From Come Meet Jesus: An Invitation from Pope Benedict XVI by Amy Welborn. More about the book here, including a free download of the pdf.
We’re not going to take the time to rehearse the entire history of scientific thought since the Renaissance and Enlightenment, because we’re all conversant with the outline: As human knowledge about the material forces of the universe has expanded, the transcendent have been pushed out. Contemporary human beings live in a confusing mix. We are so aware of those material forces but still just as aware of the reality of what lives in our own hearts. Certainly we are collections of cells and we do spin on a planet, in a universe governed by various laws, and perhaps we even evolved from lower life forms, but really . . . is that all there is to us? And if there really is more, is it just a matter of my own individual experience and opinion, as the world suggests, unique to me, which means that even as my own personal set of meanings lives with me, it will also die with me? Is there an objective, lasting ground to anything about my life?
One of the consequences of a world from which God has been marginalized or ejected is that humans then believe themselves to be self-sufficient—a problem that Pope Benedict often addresses. If the universe does not need God, a rational creating Mind, that must mean that the rational products of this universe do not need God either.
Everything that exists, everything that we create—our culture, our social systems, our moral systems, our political and civic organizations—is better off without God. To believe in a creator God, however, doesn’t mean we have to question the value or necessity of science or secular fields of study, or even randomness, chance, or chaos, all of which seem to play a role in the cosmos. Instead, it means placing explanations of the physical aspects of the world in their proper context: It is not the elemental spirits of the universe, the laws of matter, which ultimately govern the world and mankind, but a personal God governs the stars, that is, the universe; it is not the laws of matter and of evolution that have the final say, but reason, will, love—a Person. And if we know this Person and he knows us, then truly the inexorable power of material elements no longer has the last word; we are not slaves of the universe and of its laws, we are free. In ancient times, honest enquiring minds were aware of this. Heaven is not empty.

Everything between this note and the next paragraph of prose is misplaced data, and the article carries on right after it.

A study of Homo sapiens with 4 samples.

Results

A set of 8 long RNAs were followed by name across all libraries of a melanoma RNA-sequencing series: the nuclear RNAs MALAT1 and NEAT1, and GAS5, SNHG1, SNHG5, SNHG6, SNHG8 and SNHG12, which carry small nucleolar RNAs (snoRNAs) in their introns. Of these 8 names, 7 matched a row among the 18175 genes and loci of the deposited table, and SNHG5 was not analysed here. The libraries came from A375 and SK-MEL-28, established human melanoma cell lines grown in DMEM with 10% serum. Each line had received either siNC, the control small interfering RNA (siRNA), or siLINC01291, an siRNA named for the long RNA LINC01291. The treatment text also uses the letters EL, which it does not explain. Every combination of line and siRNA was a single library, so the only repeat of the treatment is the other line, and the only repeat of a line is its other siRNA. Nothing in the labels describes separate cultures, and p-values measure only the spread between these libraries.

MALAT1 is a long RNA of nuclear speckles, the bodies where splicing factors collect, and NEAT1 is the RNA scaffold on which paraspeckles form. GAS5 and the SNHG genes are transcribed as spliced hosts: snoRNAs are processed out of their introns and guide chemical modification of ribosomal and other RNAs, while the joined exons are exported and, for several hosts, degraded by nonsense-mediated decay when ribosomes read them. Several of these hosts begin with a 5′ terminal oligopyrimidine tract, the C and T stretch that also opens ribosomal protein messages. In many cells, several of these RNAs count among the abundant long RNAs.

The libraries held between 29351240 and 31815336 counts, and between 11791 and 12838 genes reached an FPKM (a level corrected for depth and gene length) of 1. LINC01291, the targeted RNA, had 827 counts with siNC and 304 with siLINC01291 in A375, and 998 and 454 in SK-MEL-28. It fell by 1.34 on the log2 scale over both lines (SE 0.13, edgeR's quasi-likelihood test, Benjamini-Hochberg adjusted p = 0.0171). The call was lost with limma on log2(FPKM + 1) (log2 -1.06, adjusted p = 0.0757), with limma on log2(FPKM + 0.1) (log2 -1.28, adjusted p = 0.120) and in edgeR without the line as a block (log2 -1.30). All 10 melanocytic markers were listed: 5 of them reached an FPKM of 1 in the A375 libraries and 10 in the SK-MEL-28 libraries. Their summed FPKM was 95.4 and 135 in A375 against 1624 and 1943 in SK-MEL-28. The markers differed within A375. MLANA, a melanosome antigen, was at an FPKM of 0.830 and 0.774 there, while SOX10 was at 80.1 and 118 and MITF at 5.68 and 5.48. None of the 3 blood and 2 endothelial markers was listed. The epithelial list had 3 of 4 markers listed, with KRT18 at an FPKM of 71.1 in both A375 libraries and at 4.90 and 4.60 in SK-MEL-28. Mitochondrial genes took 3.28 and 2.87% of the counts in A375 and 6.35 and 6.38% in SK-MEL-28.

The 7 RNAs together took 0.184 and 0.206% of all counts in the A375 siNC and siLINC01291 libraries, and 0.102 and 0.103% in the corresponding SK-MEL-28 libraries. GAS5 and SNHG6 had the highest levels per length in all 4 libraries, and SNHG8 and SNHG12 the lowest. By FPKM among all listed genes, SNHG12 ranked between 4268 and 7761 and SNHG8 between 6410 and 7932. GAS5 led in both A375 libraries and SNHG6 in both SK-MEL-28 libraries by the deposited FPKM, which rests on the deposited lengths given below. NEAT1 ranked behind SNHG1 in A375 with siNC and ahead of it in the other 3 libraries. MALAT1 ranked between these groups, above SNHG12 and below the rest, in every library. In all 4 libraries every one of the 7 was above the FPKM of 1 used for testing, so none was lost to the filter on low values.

Life is not a simple product of laws and the randomness of matter, but within everything and at the same time above everything, there is a personal will, there is a Spirit who in Jesus has revealed himself as Love.16 Still, we might ask, as I did on that morning in the dentist’s office, so what? Isn’t it all good? What’s the harm in letting the secular dominate in the realms of science, culture, society, and politics, and saving God for the privacy of my own heart?
Well, we might answer with another question. How’s that working out for us so far? Pope Benedict has an idea, as he expressed it here to young people in Cologne at World Youth Day in 2005, just months after his election:
In the last century we experienced revolutions with a common program—expecting nothing more from God, they assumed total responsibility for the cause of the world in order to change it. And this, as we saw, meant that a human and partial point of view was always taken as an absolute guiding principle. Absolutizing what is not absolute but relative is called totalitarianism. It does not liberate man, but takes away his dignity and enslaves him.
What Pope Benedict points out is also an ancient observation: that when human powers establish themselves as the primary arbiters of meaning and freedom and turn from the transcendent, they place themselves in the role of the transcendent and the absolute, and often end up demanding absolute authority and submission.